Pallet Dispute: Jerry Welcome Comments on Pallet Attacks – Need for Scientific Approach, Customer Focus

The trouble with this blog format is that a lot of people tend to miss the comments under the original post. Jerry’s observations about the current pallet posturing are important, so I am placing them as a new post below:


I couldn’t agree with you more. It really seems senseless to continue these types of attacks, rather we should be focusing on if there is a real problem, solving that problem and moving along. Trying to claim one system is superior to another is not the way to go. Selling based on the customers needs and expectations is all that is important. Each product has its advantages and disadvantages. No system is entirely 100% right for every situation. We really need to focus our attention and our customer’s attention on what’s important. We need to have the science to back up what we claim, and we all need to work together to insure that all products are delivered efficiently and safely to the end user. I hope in the New Year we can focus our attention on what’s really important in the transport packaging sector and tone down the rhetoric.


  1. I agree that the attacks between these organizations are mindless. The market competition between plastic and wood pallets is ugly and they make no attempt to hide it. Customers aren’t going to feel good about doing business with pallet suppliers, let alone treat them as respected business entities, as long as this industry continues to send the message that it can’t play nice with its competition.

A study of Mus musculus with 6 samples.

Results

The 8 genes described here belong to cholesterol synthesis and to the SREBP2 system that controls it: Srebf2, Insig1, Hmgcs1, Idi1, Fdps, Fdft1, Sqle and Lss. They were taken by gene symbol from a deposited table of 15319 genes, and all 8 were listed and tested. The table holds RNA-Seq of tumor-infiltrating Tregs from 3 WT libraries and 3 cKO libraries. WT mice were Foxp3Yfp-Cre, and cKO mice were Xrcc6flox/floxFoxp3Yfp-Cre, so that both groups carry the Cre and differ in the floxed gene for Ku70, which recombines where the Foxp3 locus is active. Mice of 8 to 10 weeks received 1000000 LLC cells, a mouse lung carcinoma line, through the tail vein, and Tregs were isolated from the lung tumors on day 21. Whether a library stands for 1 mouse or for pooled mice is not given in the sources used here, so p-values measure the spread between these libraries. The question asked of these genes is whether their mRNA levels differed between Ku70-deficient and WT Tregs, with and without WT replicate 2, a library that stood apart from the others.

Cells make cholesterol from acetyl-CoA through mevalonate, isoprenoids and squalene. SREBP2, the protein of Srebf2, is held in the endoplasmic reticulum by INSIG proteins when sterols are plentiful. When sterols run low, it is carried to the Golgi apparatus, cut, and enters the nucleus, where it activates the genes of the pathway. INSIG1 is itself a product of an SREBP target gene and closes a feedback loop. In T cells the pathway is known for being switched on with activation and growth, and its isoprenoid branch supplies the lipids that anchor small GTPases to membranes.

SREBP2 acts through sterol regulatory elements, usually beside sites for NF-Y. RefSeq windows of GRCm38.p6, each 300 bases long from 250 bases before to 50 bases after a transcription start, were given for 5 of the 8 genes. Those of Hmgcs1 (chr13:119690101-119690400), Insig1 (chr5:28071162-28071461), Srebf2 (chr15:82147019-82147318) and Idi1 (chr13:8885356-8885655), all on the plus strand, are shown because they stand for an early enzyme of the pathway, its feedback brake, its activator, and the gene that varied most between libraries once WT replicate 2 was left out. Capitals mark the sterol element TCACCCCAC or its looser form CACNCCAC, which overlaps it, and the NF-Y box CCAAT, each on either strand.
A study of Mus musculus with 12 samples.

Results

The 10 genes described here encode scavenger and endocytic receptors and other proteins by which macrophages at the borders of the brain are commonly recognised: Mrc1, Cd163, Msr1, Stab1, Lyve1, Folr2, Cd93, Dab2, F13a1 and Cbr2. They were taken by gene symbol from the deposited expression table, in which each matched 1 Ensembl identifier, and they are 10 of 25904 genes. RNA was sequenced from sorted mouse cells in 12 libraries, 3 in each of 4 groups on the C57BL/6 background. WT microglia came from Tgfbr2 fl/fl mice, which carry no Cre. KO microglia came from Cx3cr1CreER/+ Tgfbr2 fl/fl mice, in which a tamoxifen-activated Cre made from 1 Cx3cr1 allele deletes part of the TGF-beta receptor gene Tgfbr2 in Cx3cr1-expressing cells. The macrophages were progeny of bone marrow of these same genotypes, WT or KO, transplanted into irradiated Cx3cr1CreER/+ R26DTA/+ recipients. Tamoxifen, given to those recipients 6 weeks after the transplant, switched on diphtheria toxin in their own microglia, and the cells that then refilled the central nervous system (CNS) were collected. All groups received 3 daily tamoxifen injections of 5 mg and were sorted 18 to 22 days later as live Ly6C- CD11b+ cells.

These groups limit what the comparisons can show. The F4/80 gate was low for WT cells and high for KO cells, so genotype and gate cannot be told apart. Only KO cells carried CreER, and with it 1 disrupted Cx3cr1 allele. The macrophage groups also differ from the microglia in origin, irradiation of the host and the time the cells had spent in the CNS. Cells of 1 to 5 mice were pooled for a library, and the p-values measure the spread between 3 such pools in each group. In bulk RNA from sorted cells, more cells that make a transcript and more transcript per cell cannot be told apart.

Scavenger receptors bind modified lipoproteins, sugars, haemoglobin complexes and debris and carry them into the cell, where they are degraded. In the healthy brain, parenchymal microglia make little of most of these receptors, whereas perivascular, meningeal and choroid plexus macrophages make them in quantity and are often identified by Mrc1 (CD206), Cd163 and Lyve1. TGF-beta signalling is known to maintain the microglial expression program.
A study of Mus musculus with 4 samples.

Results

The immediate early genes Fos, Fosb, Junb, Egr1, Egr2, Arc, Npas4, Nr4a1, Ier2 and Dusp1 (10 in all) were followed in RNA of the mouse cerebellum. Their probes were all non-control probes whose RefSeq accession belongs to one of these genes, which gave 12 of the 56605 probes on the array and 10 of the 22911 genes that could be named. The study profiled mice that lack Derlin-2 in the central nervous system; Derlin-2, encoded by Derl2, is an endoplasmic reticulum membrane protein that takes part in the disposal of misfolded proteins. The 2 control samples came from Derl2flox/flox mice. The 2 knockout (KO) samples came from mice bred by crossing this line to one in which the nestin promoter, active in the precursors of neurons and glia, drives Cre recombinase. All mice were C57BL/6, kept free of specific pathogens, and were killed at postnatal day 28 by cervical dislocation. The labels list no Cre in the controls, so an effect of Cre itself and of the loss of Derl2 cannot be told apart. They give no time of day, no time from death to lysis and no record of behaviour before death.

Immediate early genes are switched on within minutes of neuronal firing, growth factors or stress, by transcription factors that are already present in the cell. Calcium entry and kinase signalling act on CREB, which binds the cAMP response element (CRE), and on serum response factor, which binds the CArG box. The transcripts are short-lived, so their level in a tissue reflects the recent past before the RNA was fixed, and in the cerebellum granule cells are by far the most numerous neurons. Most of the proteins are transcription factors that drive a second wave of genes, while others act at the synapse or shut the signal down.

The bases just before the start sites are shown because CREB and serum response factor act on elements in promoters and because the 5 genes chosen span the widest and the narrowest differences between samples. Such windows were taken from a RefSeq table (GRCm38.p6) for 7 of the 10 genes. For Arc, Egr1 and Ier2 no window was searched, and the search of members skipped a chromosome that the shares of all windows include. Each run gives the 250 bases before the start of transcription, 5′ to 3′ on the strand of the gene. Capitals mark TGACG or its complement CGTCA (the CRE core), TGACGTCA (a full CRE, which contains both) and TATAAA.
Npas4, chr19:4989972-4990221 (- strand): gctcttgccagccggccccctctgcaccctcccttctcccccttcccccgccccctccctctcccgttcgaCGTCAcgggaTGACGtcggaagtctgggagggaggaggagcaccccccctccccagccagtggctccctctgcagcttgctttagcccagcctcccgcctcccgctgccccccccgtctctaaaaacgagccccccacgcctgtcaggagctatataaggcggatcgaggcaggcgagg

Steve Jobs is notorious for trash-talking his competition (i.e. Google), but he can pull it off because people LOVE his products. My confession is that I enjoy following the competitive slander between Apple and Google because both companies are extremely profitable, well-run, and truly innovative. In a way, following their fight is like watching Muhammad Ali fight Joe Frazier. These were two of the best fighters in the world and one was way out of the other’s league. It took tremendous amounts of bravery and courage for Ali to step into the ring with Frazier again and again, against the odds. That kind of courage is powerful and those kinds of fights are respected.

    On the other hand, pallets are a commodity and are far less popular than technology. When I see this riff between the NWPCA and iGPS, before I change the channel, I ask myself, how courageous is it for iGPS to claim that their products are more environmentally sound, when plastic pallets are made with petroleum, one of the world’s most precious and limited natural resources? How courageous is it for the NWPCA to insinuate that plastic pallets are responsible for that butter being contaminated in Texas, when the butter was shipped on wood pallets? Neither of these organizations are being anyone’s hero.